AT&T Users Report Getting Throttled at 2GB Despite 'Unlimited' Data Plans
If you're an old-school iPhone user who still has one of AT&T's unlimited data plans, be prepared for a rude awakening.
Some AT&T customers have reported that they are getting knocked from 3G speeds down to 2G speeds after they exceeded 2GB of data consumption per month despite having grandfathered-in unlimited data plans from the carrier. Blogger John Cozen wrote a detailed post this weekend describing his attempts to get AT&T to justify throttling his data speeds despite the fact that he had only consumed 2.1GB of data on the month.
AT&T representatives told Cozen that the carrier begins throttling users' data speeds if they are among the top 5% of data users among users with unlimited plans. In other words, if the top 5% of data users consume 2GB of data or more on their unlimited plans, then they get their service reduced for exceeding 2GB, despite the fact that AT&T offers users tiered data plans that charge $30 a month for 3GB of data.
"This is unacceptable and unfair," writes Cozen. "I signed up for an unlimited data plan at the agreed upon price and am now being throttled for exceeding 2GB of data while those on a 3GB plan paying the same price do not experience throttling. I remain upset and feel taken advantage of."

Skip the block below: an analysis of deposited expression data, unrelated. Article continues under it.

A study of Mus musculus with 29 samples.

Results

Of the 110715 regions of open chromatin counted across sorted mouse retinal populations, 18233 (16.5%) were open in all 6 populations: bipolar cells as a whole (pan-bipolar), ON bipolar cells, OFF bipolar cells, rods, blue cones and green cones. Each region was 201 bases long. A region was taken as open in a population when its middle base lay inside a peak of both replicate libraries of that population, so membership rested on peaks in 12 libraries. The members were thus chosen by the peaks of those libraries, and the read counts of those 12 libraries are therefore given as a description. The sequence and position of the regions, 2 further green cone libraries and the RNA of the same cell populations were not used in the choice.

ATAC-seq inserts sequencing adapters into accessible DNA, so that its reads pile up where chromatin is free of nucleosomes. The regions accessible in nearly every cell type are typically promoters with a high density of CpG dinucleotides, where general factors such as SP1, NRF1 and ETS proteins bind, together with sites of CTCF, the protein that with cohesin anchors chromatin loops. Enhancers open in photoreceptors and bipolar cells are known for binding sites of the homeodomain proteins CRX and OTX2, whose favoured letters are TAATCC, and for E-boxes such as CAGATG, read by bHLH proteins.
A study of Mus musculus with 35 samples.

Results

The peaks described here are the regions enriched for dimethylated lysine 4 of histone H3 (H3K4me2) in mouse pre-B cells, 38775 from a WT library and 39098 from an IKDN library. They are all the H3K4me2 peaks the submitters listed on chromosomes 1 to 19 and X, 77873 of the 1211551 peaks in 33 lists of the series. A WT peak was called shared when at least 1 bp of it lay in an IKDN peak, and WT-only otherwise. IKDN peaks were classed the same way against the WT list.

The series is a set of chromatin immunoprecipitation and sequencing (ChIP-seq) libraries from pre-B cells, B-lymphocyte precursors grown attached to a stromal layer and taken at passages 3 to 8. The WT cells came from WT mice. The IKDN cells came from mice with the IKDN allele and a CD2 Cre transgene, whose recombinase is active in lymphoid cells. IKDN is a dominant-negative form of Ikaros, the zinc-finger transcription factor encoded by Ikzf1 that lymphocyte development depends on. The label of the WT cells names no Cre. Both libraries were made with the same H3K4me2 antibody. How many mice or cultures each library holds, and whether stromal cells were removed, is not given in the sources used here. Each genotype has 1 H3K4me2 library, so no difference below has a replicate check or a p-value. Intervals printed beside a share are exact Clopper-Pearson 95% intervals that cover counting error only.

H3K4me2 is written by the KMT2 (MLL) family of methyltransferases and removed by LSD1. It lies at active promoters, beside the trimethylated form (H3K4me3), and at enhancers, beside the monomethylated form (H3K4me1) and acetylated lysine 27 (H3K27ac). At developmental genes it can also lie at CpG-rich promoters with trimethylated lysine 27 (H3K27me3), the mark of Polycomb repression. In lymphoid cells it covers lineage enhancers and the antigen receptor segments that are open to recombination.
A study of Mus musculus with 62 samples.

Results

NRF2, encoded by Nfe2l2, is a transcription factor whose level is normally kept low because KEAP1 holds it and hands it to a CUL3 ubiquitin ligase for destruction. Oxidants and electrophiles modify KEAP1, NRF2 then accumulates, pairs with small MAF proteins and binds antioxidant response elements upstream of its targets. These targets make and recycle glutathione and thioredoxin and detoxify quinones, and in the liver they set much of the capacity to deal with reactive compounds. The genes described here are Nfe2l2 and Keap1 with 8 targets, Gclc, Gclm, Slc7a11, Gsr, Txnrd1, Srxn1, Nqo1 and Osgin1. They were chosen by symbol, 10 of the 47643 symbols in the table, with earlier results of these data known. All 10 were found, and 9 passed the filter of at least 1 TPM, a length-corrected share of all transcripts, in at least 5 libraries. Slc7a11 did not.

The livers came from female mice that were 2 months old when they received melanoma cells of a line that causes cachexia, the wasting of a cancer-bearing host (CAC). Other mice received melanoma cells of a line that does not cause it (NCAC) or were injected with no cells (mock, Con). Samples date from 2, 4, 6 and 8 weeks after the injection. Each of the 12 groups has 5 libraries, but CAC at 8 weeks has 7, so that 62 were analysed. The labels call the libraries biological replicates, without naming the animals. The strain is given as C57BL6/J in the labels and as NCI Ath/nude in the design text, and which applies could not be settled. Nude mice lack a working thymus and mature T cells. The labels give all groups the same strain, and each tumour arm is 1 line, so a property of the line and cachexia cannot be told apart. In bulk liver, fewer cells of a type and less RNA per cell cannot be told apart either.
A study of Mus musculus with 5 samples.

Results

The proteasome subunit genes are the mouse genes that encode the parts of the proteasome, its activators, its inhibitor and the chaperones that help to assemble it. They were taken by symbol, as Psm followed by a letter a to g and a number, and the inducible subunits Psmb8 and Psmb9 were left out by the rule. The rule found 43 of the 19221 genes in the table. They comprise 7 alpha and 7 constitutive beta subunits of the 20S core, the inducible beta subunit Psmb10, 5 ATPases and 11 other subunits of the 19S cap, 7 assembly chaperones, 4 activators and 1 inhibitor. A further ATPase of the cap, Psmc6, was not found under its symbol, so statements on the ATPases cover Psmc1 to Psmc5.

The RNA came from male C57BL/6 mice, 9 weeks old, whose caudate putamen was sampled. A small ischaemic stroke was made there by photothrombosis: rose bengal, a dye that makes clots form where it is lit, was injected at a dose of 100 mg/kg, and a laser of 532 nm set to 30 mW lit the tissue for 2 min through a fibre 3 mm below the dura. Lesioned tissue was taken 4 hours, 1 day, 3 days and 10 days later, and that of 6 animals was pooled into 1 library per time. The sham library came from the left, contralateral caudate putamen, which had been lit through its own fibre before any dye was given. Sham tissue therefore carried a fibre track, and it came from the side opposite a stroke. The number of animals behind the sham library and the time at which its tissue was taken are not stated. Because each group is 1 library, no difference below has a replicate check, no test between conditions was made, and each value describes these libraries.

John Brownlee of the Cult of Mac blog picked up on Cozen's post and asked his readers if they had any similar experiences with AT&T in recent months. One reader chimed in to say that he'd received text messages from AT&T telling him that he was among the top 5% of data users on the unlimited plans even though he'd only used 1.5GB of data on the month. Others expressed similar frustrations.
"The only reason I have stuck with AT&T this long, since the original iPhone, has been the unlimited data plan that I got grandfathered-in," wrote commenter Omaha Sternberg. "If AT&T is going to pull this crap, they can say goodbye to me."
The wireless industry has been moving away from all-you-can-eat data plans and toward tiered service plans for the past couple of years. AT&T got the ball rolling on wireless data caps back in 2010 when it announced it was dropping unlimited data plans for the iPhone in favor of plans that offered between 200MB and 2GB of data consumption per month. Verizon shortly followed suit by saying it would implement a similar pricing scheme for its 4G LTE services that launched commercially in December 2010, while T-Mobile last year said it would start throttling 3G users down to 2G speeds if they exceeded data consumption caps. Sprint is currently the only mobile carrier that offers users unlimited data plans for smartphones, although the carrier does now impose data caps for devices such as tablets that are likely to use greater amounts of data.